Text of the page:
Bee Happy


this is why I finally took up beekeeping; this is very very very likely to be one of our bees pollinating our cucumber plants - it isn't a pretty picture, but I find it interesting to note that maybe because of the wet weather she's covered in pollen. I tilled in horse manure for the garden this year (the neigh-bors gave me and the guy next door a pile of it) the horse manure brought an astounding abundance of seeds for plant species I'm not sure I've ever seen before; the weeds have grossly outrun my ability to pull them fast enough.
Just thought you'd find this bit interesting.

I haven't been offered any pollinating contracts; but I may offer some bees up to some organic farmers locally. (if there are organic farmers locally -the *ahem* rednecks around here almost seem to think that ingesting chemicals is good for your health.)
I've read on here that cotton honey crystallizes very quickly and is great for making creamed honey.
My question is this: does anyone know anything about the quality, properties of watermelon honey?

Don't think they get much nectar from water melons. They don't get anything much from squash or cukes. Around here we sometimes have to feed bees on melons, cukes and squash if there is no other source available in the area.
rast

 I've watched about 25-35 hives on my way to church for about a month now on watermelons. They pulled the feeder buckets off about 3 weeks ago when the bloom started and have not added any supers. The bee money there is in pollination along with the other crops sc-bee mentioned.
 If Dallas slows down enough and shows up, he can tell you all about it. He has bees on mellons now.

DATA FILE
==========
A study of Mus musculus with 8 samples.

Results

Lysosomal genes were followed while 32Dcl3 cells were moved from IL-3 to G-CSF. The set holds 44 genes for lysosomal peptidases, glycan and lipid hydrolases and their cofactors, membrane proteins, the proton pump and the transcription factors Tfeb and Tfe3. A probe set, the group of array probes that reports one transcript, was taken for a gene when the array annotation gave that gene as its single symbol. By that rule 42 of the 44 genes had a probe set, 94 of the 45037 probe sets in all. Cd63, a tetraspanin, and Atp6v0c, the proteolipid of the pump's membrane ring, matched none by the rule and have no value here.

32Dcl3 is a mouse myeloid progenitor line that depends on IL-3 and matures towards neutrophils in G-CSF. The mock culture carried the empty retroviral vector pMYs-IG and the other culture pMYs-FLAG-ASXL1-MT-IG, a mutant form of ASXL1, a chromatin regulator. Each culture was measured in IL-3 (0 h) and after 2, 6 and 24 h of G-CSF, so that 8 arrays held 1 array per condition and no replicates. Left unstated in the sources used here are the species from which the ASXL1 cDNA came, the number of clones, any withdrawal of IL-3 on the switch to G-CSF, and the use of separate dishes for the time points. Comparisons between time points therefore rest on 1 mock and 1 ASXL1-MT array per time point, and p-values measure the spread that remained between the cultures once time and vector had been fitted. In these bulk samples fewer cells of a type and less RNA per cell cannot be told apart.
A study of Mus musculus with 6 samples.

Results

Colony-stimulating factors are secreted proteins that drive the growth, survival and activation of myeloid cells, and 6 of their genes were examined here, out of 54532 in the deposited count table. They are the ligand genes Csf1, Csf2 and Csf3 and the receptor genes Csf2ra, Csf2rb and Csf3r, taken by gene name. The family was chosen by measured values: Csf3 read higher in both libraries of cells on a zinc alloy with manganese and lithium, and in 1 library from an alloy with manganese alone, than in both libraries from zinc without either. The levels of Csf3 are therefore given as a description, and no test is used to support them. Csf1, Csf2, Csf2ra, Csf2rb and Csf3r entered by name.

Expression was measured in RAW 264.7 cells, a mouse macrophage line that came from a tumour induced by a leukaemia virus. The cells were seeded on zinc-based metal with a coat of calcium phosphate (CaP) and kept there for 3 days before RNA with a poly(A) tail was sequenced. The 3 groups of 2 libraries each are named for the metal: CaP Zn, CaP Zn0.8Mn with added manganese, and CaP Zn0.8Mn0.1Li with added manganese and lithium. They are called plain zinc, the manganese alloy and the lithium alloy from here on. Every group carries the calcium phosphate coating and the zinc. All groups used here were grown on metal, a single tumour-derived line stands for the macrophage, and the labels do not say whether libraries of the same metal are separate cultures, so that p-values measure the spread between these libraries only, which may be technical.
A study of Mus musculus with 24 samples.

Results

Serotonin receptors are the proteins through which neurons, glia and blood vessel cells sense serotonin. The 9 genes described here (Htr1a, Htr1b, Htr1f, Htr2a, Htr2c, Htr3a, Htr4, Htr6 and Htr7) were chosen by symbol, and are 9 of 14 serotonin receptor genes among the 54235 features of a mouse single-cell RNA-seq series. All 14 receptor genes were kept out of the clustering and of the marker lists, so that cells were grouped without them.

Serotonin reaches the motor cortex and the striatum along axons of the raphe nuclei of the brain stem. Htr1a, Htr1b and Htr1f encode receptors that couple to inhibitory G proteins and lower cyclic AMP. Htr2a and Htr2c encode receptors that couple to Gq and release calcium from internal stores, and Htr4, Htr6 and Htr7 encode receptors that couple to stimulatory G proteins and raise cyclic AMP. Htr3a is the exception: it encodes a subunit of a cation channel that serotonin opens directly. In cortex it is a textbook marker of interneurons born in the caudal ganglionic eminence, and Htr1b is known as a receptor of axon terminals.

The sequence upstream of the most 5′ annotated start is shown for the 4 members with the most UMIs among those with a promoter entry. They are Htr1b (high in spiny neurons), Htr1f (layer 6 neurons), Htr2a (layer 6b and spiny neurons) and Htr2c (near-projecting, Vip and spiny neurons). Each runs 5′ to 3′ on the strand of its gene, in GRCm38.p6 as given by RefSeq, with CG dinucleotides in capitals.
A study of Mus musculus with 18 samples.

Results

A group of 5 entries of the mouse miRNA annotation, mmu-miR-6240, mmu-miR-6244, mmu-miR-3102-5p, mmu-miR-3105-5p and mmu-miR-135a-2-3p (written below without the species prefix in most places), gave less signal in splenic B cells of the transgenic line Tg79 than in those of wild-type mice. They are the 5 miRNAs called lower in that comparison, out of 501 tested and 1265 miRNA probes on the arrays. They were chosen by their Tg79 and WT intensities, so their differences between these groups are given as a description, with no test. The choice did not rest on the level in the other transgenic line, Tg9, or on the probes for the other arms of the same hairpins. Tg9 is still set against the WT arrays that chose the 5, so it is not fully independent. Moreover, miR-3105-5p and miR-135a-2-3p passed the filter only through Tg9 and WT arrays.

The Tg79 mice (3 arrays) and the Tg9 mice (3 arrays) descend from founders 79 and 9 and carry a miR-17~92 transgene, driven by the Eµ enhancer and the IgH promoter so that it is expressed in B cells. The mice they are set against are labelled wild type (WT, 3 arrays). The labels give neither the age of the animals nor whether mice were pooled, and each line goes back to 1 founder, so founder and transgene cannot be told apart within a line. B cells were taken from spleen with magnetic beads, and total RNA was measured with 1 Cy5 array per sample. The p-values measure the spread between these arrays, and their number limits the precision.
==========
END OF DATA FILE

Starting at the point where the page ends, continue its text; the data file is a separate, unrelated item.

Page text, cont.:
We had 65 hives sitting in the middle of 350 acres of mellons of all types. It was BY FAR the BEST honey I've ever had. Very light and sweet with no aftertaste. I've had many people rave about it and due to the unfortunate misuse of chemicals all 65 hives were killed and no one will go near that farm again. The farmer never owned up to spraying, but the bees are dead...This was the most depressing thing I've ever seen,
My mentor, who owned the hives is still in a state of depression and has just about given up after 15 years.


that's me - setting a phoenix free


« Reply #4 on: May 18, 2009, 06:42:12 PM »

We had 65 hives sitting in the middle of 350 acres of mellons of all types. It was BY FAR the BEST honey I've ever had. Very light and sweet with no aftertaste. I've had many people rave about it and due to the unfortunate misuse of chemicals all 65 hives were killed and no one will go near that farm again. The farmer never owned up to spraying, but the bees are dead...This was the most depressing thing I've ever seen,
My mentor, who owned the hives is still in a state of depression and has just about given up after 15 years.
wow, I would think a farmer would have some consideration for his pollen boosters. This is why I was hoping to find a handful of organic farmers.